The year is 1901--it's been twenty-three years since Peter and the Lost Boys returned from Rundoon. Since then, nobody on the island has grown a day older, and the Lost Boys continue their friendship with the Mollusk tribe, and their rivalry with Captain Hook. Meanwhile in London, Molly has married George Darling and is raising three children: Wendy, Michael, and John. One night a visitor appears at her door; it's James, one of Peter's original Lost Boys. He is now working for Scotland Yard and suspects that the heir to England's throne, Prince Albert Edward, is under the influence of shadow creatures. These shadow creatures are determined to find a secret cache of startstuff which fell to London many centuries ago. The starstuff is hidden in an underground vault which has only one key: the Sword of Mercy, a legendary weapon kept with the Crown Jewels. Molly is determined to help, but when she suddenly goes missing, it is up to her eleven-year-old daughter, Wendy, to keep the starstuff out of the Others' clutches. She has heard her mother's stories of a flying boy named Peter Pan, and he may be her only hope in saving the world from a shadowy doom...
About the Author
Dave Barry is a Pulitzer Prize-winning author of more than a dozen books, including Dave Barry's History of the Millennium (So Far); The Shepherd, the Angel, and Walter the Christmas Miracle Dog; Dave Barry's Money Secrets; and Big Trouble. Along with Ridley Pearson, he is the co-author of Peter and the Starcatchers, Peter and the Shadow Thieves, Peter and the Secret of Rundoon, Escape from the Carnivale, Cave of the Dark Wind, Blood Tide, and Science Fair.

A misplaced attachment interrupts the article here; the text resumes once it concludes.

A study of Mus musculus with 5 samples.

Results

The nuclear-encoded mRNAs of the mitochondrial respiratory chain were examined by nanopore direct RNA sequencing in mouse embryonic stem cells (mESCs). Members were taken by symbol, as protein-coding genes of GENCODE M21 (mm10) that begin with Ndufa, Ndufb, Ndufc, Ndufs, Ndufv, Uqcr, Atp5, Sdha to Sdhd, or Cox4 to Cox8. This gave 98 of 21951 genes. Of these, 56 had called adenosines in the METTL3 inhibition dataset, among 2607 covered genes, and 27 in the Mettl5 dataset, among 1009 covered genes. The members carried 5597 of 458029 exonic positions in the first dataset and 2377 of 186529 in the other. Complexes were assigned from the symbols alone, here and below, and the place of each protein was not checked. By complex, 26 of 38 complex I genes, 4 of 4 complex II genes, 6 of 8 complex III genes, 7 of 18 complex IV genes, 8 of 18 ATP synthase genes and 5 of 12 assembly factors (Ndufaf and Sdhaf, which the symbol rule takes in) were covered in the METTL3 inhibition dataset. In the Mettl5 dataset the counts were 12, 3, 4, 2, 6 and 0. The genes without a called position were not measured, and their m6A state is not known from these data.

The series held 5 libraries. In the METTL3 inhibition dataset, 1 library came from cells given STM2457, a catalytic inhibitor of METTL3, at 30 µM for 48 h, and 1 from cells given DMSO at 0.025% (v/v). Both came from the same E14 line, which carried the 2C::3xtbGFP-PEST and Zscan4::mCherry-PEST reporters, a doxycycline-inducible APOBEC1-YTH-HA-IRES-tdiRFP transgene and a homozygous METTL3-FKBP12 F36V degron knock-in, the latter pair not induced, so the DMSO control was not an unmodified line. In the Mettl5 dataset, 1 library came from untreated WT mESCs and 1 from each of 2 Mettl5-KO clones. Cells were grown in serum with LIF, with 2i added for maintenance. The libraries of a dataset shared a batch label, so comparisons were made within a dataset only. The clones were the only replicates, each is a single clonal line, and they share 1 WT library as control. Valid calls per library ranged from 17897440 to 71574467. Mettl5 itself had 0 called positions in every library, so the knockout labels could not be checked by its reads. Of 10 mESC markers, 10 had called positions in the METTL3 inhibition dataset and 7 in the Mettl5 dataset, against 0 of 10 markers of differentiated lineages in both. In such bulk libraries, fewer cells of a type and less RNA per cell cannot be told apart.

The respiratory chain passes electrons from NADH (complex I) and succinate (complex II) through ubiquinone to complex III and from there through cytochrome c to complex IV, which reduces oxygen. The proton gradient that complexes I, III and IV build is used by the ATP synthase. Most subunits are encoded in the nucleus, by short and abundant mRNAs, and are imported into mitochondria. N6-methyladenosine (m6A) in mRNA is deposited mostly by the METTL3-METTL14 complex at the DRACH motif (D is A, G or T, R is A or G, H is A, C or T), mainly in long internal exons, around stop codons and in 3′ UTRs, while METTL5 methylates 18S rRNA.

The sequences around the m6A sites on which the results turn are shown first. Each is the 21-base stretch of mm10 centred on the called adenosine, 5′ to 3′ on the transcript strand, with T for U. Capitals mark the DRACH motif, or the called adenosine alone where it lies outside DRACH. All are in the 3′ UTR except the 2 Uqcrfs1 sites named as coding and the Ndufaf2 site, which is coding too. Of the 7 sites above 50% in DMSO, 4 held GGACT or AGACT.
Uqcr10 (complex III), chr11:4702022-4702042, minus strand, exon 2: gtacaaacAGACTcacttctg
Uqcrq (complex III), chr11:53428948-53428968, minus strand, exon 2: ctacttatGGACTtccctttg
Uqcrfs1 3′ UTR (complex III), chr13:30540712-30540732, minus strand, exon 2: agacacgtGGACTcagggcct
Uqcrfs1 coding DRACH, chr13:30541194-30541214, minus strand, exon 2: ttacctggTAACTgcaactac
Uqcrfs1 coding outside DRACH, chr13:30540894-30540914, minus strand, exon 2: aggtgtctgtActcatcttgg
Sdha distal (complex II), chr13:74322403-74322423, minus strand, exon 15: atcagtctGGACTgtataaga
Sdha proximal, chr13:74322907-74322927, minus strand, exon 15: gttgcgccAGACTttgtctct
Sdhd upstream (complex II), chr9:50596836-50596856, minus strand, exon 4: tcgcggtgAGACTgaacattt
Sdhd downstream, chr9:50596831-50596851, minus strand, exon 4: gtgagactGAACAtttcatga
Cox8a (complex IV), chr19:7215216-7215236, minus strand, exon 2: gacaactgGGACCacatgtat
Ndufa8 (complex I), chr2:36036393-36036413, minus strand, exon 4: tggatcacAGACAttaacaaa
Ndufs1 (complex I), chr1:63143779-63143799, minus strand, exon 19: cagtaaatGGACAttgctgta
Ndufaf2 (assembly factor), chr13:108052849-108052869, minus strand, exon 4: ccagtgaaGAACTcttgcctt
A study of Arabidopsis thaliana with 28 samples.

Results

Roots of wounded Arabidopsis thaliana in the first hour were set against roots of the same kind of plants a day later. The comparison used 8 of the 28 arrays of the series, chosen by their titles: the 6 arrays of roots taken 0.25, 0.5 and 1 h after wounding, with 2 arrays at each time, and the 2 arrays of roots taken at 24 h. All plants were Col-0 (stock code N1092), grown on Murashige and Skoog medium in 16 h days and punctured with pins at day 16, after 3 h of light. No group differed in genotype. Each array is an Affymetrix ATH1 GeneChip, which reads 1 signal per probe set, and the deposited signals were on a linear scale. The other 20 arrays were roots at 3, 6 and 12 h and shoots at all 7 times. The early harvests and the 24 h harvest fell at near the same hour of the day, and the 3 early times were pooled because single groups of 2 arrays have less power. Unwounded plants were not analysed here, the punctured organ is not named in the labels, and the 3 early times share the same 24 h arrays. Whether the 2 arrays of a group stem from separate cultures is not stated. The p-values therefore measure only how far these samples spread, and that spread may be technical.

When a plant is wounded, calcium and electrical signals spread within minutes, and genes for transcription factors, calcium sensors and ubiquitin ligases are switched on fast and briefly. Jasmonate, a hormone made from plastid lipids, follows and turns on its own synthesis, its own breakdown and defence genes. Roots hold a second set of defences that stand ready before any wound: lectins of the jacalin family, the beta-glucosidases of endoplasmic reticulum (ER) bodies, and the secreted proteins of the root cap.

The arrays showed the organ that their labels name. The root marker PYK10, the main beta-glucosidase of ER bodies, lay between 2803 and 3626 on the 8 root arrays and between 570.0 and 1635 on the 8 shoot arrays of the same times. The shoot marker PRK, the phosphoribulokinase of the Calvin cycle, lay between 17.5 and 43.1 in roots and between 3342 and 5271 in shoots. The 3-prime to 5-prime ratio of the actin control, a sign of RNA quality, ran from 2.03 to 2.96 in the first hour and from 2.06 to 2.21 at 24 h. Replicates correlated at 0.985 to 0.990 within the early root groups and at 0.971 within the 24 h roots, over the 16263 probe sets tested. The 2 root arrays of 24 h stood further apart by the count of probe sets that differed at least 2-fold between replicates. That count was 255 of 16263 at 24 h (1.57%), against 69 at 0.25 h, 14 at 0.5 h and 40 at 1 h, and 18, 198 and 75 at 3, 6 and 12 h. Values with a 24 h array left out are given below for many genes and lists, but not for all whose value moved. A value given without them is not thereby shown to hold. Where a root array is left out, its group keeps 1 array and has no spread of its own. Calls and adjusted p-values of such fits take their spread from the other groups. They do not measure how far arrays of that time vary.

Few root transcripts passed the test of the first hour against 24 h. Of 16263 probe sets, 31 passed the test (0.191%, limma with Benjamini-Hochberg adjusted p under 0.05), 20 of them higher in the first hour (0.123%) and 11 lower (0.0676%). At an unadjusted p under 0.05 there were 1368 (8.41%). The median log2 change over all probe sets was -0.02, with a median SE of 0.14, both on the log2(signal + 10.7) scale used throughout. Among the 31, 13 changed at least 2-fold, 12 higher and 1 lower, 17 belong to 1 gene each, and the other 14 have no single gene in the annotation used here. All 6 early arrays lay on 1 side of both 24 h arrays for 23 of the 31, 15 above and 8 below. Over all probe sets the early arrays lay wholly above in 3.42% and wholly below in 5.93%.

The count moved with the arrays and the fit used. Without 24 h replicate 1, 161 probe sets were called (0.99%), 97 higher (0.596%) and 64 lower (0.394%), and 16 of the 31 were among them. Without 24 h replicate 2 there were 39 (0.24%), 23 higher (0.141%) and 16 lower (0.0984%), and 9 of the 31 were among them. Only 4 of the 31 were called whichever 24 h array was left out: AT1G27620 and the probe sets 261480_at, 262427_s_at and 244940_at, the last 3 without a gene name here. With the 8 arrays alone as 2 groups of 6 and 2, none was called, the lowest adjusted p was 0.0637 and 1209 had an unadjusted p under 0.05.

Ridley Pearson, in addition to the Peter and the Starcatchers series with Dave Barry, is the award-winning author of Kingdom Keepers: Disney After Dark, Kingdom Keepers: Disney At Dawn, Kingdom Keepers: Disney in Shadow, Steel Trapp: The Challenge, and Steel Trapp: The Academy. He has also written more than twenty best-selling crime novels, including Killer View and Killer Weekend. He was the first American to be awarded the Raymond Chandler/Fulbright Fellowship in Detective Fiction at Oxford University.
Greg Call studied graphic design at the Colorado Institute of Art in Denver. After graduating in 1983, he worked as an Art Director at the Colorado Institute of Art until the desire to do more illustrative work found him in Pasadena, California, attending The Art Center College of Design. Upon graduation in 1988, he began working freelance for clients in music, entertainment, and publishing. Greg has been recognized for his work repeatedly, including awards from the Society of Illustrators and Addy awards among others.